Saturday, April 7, 2012

Estonia in the news

There have been two articles about Estonia in the news recently, one good and one bad.

You can read about the good one here.   Estonia has some pretty interesting laws to promote growth, a flat income tax rate at 21%, and 0% on businesses as long as they leave their profits in Estonia.  Once they pay out dividends then they have to pay a tax.  They do have a high VAT tax of 20% and a high tax for social services.  I think I generally agree with this strategy, but I would change a lot of specifics about it.  I think there is a lot of tax evasion going on with businesses.  There are still a lot of poor people and there are a few who are super rich.  I think they should have a corporate tax rate like Ireland, really low say 12% but have the companies pay it on all of their profit.  This means that there is no tax evasion.  When I see all these $100,000 cars driving around Tallinn it is kind of sad to think that they are all company cars where the person has paid no tax.  I like having a low tax burden on the people, and then offering low social services but when you do have a low tax burden you need to make sure you spend the money wisely.  This is something Estonia has not done.  They are spending too much on defense and too much on maternity pay.  This does not leave any money for elderly pensions, teacher pay, and other investments.  They also are thinking of getting rid of property tax.  They should first lower the income tax, which gives tax relief for everyone then lower property taxes if they have money.  In Estonia most people live in apartments, so the people who own property are usually people who are better off.  This is the reason why the opposition party is very popular right now.  If the ruling coalition doesn't start to make some changes they won't win in the next elections.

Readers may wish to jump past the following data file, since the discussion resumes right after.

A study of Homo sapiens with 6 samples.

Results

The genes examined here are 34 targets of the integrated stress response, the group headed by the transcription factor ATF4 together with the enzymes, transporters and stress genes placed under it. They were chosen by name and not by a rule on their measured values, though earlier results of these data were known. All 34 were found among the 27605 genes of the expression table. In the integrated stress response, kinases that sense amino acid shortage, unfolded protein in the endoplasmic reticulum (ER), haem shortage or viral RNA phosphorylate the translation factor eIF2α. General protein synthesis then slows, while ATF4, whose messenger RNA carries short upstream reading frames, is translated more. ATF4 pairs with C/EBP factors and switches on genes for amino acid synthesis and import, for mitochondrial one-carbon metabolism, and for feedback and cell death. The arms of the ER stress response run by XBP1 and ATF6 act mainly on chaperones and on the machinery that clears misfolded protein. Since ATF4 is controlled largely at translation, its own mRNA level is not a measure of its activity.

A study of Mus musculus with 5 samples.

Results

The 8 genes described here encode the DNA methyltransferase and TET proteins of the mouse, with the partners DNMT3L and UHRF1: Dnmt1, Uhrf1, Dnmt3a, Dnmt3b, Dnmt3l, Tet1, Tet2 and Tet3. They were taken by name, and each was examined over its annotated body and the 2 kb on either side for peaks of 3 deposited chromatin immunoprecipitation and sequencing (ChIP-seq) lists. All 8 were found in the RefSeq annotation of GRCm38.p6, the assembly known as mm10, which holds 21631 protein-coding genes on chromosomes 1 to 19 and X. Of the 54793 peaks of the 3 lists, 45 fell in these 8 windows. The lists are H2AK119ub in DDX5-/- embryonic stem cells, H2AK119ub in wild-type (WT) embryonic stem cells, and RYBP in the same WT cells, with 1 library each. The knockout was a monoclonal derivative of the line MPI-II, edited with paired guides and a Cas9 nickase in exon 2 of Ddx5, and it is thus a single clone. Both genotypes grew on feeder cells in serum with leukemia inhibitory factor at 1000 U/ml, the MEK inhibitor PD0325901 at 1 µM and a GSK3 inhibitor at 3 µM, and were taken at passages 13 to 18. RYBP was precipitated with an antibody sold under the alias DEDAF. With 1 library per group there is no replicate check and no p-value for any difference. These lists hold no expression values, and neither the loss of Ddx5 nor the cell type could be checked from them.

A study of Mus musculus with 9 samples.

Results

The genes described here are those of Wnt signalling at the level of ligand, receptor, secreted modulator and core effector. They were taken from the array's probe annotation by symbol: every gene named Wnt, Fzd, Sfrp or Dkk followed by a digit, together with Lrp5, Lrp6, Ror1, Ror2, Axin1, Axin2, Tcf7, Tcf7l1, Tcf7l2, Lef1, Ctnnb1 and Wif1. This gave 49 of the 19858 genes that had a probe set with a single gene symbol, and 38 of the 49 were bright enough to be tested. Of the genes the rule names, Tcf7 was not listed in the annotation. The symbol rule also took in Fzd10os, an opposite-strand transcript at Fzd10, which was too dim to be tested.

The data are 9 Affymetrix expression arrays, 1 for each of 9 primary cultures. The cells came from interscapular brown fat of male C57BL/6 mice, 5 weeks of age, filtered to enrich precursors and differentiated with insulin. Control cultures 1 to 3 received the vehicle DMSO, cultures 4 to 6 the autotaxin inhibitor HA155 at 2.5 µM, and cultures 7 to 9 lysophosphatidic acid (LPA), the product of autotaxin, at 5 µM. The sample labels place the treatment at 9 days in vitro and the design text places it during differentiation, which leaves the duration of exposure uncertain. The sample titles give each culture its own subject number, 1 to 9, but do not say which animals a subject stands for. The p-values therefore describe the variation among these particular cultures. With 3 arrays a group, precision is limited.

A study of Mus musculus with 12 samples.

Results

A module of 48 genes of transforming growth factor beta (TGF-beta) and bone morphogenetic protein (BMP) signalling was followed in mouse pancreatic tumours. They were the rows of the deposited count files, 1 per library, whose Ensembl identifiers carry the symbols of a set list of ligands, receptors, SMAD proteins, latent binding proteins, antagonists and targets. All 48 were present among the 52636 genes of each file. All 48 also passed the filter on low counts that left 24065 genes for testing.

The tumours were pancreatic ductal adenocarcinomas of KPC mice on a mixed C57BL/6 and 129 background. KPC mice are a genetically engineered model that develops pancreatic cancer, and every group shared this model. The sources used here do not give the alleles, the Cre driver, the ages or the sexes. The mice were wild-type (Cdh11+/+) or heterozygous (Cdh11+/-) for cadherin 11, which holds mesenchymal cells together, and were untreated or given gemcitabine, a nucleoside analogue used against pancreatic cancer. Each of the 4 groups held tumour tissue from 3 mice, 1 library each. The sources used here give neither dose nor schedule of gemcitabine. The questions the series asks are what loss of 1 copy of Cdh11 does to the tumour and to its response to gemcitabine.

I was a bit critical in the last part, but that was actually the good news.  The bad news you can read here. 

This really highlights the drug problem in Estonia.  Estonia has tried to focus more on economic growth and not as much on social issues.  When I think of Estonia's society I often think of the promise in the Book of Mormon about keeping the commandments and prospering in the land.  high levels of drug use, alcohol use, and tobacco use make if very difficult for a state to be prosperous.  Productivity in the labor market declines, state spending on health care increases, and spending on law enforcement rises.  Only recently has Estonia made an effort to decrease alcohol consumption (one of the highest in Europe).  Hopefully they will be successful.